Crude prices languished this week, opening lower four days out of five. Price rallies were short-lived and unenthusiastic, with WTI struggling to maintain levels of $48/b, and dipping as low as $47/b. Prices threatened to break through some technical supports that many analysts believe herald a coming crash. Yet prices of $47/b always elicited buying interest. The oil complex is in the midst of a rally as of the time of this writing, and WTI prices have once again regained the $48/b mark. However, it will take significant bullish news to extend the rally today, and without this, the week appears headed for another ending in the red.
WTI crude prices opened the week at $48.70/b. WTI opened this session at $47.67/b, a significant drop of $1.03, or 2.1%, from Monday’s opening. During the week, prices ranged from a high of $48.74/b on Tuesday to a low of $47.01 on Wednesday, a very narrow range of $1.73. Current prices are $48.07/b, up $0.37 from yesterday’s close.
Diesel prices opened Monday at $1.5117/gallon. Diesel opened this morning at $1.4883/gallon, a drop of 1.6%, or 2.34 cents, for the week. Prices ranged from a high of $1.536/gallon on Tuesday to a low of $1.4758/gallon on Wednesday, a price range of 6.02 cents. Prices currently are $1.501/gallon, a gain of 1.09 cents from Thursday’s close.
Gasoline prices opened Monday at $1.598/gallon. Today’s opening price of $1.5878/gallon was a drop of 0.6%, or 1.02 cents, for the week. Prices ranged from a low of $1.5784/gallon on Thursday to a high of $1.635/gallon on Tuesday, a range of 5.66 cents. Prices are $1.6005/gallon currently, up 1.09 cents from Thursday’s close.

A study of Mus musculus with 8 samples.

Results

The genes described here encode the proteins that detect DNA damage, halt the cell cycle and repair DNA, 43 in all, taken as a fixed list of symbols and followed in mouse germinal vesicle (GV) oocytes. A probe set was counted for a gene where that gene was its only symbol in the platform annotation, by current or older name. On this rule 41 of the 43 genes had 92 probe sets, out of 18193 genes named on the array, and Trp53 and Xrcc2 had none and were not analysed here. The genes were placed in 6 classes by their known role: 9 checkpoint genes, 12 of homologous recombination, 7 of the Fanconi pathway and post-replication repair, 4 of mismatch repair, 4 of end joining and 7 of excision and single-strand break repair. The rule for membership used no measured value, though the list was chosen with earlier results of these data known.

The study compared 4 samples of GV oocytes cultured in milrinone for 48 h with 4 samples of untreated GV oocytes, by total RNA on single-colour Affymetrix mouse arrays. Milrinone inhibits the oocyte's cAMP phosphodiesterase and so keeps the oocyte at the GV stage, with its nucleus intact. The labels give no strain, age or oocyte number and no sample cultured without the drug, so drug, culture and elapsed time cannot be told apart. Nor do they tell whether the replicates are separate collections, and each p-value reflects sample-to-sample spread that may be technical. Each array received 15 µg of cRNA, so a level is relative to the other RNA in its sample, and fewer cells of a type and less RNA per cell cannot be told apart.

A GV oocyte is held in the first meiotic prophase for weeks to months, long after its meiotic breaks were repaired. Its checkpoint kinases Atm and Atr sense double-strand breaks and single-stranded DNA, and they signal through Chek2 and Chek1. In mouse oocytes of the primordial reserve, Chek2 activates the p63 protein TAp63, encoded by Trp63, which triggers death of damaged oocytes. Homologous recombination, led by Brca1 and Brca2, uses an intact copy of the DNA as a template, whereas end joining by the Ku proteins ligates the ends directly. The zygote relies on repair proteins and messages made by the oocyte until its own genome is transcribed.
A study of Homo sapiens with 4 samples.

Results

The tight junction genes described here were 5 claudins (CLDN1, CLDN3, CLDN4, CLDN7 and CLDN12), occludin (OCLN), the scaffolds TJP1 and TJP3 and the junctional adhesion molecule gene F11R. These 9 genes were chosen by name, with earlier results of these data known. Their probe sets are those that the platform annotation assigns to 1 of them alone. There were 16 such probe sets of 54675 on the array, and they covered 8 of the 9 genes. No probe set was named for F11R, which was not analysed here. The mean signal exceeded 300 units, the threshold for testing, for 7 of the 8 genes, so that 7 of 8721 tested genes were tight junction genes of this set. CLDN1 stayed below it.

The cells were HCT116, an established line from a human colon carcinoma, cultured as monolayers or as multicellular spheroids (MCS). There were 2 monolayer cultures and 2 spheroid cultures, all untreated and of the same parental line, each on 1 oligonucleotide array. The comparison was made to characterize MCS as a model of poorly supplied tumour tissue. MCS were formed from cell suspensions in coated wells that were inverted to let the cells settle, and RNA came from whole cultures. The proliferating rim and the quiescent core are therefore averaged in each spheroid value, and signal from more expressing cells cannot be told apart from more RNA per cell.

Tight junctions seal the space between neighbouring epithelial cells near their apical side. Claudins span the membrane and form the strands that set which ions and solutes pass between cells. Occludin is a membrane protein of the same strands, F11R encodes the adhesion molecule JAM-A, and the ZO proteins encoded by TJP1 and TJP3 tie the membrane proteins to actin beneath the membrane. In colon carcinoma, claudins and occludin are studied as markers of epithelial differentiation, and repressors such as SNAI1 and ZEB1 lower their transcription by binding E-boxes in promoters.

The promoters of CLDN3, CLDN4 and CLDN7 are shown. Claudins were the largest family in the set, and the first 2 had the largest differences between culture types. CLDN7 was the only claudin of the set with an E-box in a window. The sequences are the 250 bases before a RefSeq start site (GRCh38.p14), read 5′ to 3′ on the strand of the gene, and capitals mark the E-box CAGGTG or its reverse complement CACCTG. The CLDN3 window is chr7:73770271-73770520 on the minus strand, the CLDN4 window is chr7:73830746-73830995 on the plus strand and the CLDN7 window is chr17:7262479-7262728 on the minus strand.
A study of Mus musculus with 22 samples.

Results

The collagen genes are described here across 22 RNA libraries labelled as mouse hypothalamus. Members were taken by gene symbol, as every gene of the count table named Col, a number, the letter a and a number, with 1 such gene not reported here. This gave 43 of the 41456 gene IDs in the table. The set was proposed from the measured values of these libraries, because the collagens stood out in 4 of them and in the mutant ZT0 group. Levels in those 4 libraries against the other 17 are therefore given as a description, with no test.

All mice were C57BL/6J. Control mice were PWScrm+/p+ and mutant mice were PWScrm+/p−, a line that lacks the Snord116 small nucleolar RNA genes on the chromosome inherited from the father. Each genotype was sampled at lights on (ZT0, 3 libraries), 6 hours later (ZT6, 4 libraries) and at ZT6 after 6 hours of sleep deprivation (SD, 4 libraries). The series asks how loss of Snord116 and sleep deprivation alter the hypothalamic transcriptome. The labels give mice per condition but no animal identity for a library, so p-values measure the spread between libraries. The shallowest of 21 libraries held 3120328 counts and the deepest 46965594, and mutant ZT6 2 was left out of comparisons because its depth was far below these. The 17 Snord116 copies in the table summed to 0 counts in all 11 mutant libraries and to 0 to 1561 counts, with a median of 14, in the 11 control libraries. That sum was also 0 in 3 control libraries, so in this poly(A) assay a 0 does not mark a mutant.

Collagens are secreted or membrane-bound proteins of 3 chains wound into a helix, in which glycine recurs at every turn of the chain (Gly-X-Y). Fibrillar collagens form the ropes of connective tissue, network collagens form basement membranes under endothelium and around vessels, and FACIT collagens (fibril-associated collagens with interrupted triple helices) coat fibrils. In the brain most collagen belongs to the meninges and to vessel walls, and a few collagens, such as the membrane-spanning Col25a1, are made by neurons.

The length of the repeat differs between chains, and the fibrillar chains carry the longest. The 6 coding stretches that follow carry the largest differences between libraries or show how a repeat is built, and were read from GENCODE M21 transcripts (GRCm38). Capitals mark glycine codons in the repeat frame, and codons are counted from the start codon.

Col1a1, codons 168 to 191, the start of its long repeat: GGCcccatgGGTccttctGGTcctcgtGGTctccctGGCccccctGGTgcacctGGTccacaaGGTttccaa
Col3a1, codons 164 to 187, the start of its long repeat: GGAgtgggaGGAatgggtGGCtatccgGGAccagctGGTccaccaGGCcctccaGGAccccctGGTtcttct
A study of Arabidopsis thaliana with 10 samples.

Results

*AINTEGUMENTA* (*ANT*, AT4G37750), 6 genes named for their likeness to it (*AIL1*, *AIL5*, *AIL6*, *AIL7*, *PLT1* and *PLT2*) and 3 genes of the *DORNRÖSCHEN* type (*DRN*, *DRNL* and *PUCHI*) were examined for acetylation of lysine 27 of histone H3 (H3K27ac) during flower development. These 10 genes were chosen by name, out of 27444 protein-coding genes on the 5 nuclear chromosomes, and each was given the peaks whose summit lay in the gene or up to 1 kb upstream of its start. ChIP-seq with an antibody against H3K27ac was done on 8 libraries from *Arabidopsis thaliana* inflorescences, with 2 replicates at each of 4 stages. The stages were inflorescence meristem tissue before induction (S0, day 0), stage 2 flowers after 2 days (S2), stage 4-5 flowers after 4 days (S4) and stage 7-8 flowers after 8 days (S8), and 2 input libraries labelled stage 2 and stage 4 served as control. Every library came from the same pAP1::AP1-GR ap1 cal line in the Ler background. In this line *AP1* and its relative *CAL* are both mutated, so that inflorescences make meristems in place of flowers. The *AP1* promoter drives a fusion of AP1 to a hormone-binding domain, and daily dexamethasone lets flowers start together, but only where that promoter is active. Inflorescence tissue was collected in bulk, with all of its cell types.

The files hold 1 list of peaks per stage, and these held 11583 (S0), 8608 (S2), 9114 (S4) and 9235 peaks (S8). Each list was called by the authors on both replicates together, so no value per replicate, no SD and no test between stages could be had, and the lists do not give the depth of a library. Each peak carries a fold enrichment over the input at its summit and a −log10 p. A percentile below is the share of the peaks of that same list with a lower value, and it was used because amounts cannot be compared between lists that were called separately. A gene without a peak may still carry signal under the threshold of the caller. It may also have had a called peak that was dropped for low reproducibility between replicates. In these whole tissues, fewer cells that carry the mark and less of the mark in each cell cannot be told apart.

The EIA’s weekly supply data showed another increase in crude inventories, a build of 4.954 mmbbls, which brought the total to 533.1 mmbbls. Gasoline stocks were drawn down by 2.811 mmbbls, and diesel inventories were drawn down by 1.91 mmbbls. The issue of burgeoning stockpiles kept prices down again this week. Early spring refinery maintenance typically brings an increase in crude inventories and a drawdown in product inventories, but the additions to crude stockpiles have been relentless this year.
Other bearish news accompanied the crude stock build. U.S. crude production continued to rise (to 9129 kbpd,) with another 20 kbpd added to domestic supply during the week ended March 17th. Crude exports dropped 167 kbpd, falling to 550 kbpd from 717 kbpd the week prior. Weekly average demand also dropped: apparent gasoline demand fell 54 kbpd, jet fuel demand fell 240 kbpd, and diesel demand fell 240 kbpd.
The bearish news greatly overshadowed the bullish news this week. The key price support came from OPEC, which remained committed to its production cut pact. The OPEC monitoring committee will meet in Kuwait this weekend to analyze compliance and the effectiveness of the cuts so far. OPEC has reported very high levels of compliance. This has been corroborated by independent analysts and international agencies. The International Energy Agency (IEA,) for example, calculated OPEC compliance at 91% last month, plus 44% compliance from the Non-OPEC participants. Global inventory levels have not yet fallen as expected, however, and OPEC has indicated that it is likely to extend the cuts beyond the June 2017 end date.